Maronite Church Dedicates Two Buildings For Lebanese Put In Quarantine

In response to a call from the Ministry of Health on March 17th, spontaneous efforts of solidarity, with potential victims of the Coronavirus epidemic, are multiplying.

Most recent actions of support come from the Maronite Church, which has made two buildings available to the Ministry of Health: a residence in Jbeil and a hotel in Harissa (Keserwan), for people placed in quarantine after contamination and unable to ensure their isolation at home.

The Bishop of the Maronite Diocese of Jbeil, Mgr Michel Aoun, also placed at the disposal of the coronavirus patients forced into quarantine, the summer residence of the bishopric in Lehfed (Jbeil). 

Dr. Assaad Ghanem is in charge of the project. The building, however, is under construction and will not be ready for a few weeks. In particular, the beds are missing.

For his part, Father Fadi Tabet of the Order of Lebanese Missionaries, who was recently appointed rector of the sanctuary of Our Lady of Lebanon, announced that, after an agreement with the municipality of Harissa-Daraoun, the Bethania reception house will be made available to the health authorities.

Bethania reception house, a hotel residence generally reserved for pilgrims, will be accommodating affected COVID-19 people assigned to quarantine.

However, the surge of generosity alone is not enough. Buildings must be equipped and served by well-trained teams. 

Father Khalil Alwan, the former rector of the Harissa sanctuary and secretary-general of the Assembly of Patriarchs and Catholic Bishops in Lebanon, tells L’Orient-Le-Jour:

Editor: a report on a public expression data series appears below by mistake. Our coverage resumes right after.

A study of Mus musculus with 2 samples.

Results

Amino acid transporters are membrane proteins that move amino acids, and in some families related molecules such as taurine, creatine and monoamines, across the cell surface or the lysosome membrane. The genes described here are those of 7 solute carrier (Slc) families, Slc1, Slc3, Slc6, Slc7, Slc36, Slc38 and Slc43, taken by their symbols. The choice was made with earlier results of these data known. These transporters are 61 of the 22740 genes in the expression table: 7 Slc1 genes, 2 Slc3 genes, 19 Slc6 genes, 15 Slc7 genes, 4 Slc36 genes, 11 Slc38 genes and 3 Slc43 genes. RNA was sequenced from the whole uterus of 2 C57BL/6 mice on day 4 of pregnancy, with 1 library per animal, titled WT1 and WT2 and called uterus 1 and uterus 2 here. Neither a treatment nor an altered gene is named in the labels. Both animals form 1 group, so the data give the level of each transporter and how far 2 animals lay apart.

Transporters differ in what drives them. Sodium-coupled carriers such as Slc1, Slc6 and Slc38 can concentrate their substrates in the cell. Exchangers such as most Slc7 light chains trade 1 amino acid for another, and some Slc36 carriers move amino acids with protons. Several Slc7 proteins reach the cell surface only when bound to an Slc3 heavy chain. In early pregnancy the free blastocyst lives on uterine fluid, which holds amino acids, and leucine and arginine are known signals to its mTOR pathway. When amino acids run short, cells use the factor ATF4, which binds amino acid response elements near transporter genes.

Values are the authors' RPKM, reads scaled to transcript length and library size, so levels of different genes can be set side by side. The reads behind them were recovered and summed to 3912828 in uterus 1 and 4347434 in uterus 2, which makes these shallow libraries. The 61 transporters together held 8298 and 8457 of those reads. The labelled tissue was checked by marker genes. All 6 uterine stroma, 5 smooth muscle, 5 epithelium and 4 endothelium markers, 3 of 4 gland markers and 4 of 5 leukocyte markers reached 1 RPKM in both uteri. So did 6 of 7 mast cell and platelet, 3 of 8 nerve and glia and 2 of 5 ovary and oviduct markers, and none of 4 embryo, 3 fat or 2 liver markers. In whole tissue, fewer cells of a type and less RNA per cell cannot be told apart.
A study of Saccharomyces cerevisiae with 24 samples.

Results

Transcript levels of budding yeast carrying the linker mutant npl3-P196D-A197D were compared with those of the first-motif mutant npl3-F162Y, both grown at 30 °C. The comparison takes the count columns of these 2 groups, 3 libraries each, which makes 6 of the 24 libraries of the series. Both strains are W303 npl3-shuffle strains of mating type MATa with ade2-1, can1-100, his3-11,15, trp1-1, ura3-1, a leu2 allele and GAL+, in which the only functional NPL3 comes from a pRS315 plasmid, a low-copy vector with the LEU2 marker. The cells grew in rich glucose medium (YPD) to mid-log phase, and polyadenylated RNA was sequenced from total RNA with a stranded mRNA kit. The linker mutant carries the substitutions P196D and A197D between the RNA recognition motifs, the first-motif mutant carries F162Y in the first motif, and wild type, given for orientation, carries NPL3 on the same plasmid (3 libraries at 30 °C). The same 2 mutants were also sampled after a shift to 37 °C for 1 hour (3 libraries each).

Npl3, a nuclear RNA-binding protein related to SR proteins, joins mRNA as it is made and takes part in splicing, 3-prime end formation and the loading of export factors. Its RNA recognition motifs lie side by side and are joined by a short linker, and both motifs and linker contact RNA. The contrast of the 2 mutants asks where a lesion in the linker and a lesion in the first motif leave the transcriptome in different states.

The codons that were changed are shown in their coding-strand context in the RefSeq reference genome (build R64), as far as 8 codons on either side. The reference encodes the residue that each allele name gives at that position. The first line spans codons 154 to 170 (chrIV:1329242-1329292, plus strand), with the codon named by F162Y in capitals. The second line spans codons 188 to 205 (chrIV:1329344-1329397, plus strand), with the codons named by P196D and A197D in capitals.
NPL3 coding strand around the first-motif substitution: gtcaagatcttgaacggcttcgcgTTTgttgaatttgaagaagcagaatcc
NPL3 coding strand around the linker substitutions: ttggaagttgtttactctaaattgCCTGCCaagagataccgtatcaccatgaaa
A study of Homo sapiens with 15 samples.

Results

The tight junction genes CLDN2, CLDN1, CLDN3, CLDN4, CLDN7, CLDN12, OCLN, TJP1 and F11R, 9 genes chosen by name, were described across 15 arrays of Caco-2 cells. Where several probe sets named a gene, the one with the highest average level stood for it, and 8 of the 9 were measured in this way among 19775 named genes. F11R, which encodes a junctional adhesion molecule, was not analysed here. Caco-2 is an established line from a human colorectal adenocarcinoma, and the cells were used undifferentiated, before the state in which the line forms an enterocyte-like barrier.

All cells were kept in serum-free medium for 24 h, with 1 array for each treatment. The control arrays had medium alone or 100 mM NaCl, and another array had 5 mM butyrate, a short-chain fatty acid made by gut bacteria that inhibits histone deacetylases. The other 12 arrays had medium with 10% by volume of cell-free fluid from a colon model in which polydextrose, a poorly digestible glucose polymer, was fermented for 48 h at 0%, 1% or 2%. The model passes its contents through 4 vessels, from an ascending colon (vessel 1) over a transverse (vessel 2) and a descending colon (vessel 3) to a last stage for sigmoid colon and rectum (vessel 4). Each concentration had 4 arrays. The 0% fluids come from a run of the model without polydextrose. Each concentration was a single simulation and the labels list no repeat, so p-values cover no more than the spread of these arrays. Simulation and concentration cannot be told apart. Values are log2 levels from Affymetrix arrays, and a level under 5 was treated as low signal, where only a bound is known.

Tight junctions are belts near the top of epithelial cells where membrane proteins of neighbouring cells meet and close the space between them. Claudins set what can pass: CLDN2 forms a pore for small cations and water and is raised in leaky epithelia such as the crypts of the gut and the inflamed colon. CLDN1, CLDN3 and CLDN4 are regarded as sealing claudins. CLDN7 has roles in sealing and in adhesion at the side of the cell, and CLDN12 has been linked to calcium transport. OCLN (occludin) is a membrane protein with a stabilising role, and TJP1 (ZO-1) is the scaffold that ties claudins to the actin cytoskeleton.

“The project has aroused enthusiasm in Keserwan circles and, following a call, 29 volunteers have already offered their services for this project.”

Fr. Alwan added that “two companies have already offered their assistance, one for disinfecting the premises, the other for ensuring detergent products.” 

The total cost of the project will be estimated by the Ministry of Health, but its funding remains uncertain.

The volunteers retained, says Fr. Alwan, will be trained under the supervision of the Ministry of Health, which entrusted this task to Nathalie Richa, President of the Nurses’ Union in Lebanon.

He points out that the cooperation of the Lebanese Red Cross will be “very present on the ground,” and that of the union of social workers will be requested if necessary.

It is the Ministry of Health, assures Fr. Alwan, who will give the final green light to the project, after approval of the prophylactic measures taken, and the assurance that this 50-room hotel will not constitute a new source of infection.

According to L’Orient-Le-Jour, a regulation is in progress to organize the relationship between the reception house and its future residents, and clarify the rights and obligations of each party. 

People in confinement will enjoy a daily televised mass and may receive communion individually. They will take their meals in their rooms, but will not be able to receive their friends or family there.

One of the charms of the Bethania reception house is that it is attached to the Notre-Dame sanctuary in Lebanon. From its row of windows facing west, one can see the giant statue of Notre-Dame. 

Founded at the beginning of the 20th century, the sanctuary is a common property of Bkerkeh and the Apostolic Nunciature and is entrusted to the care of the Lebanese Missionaries.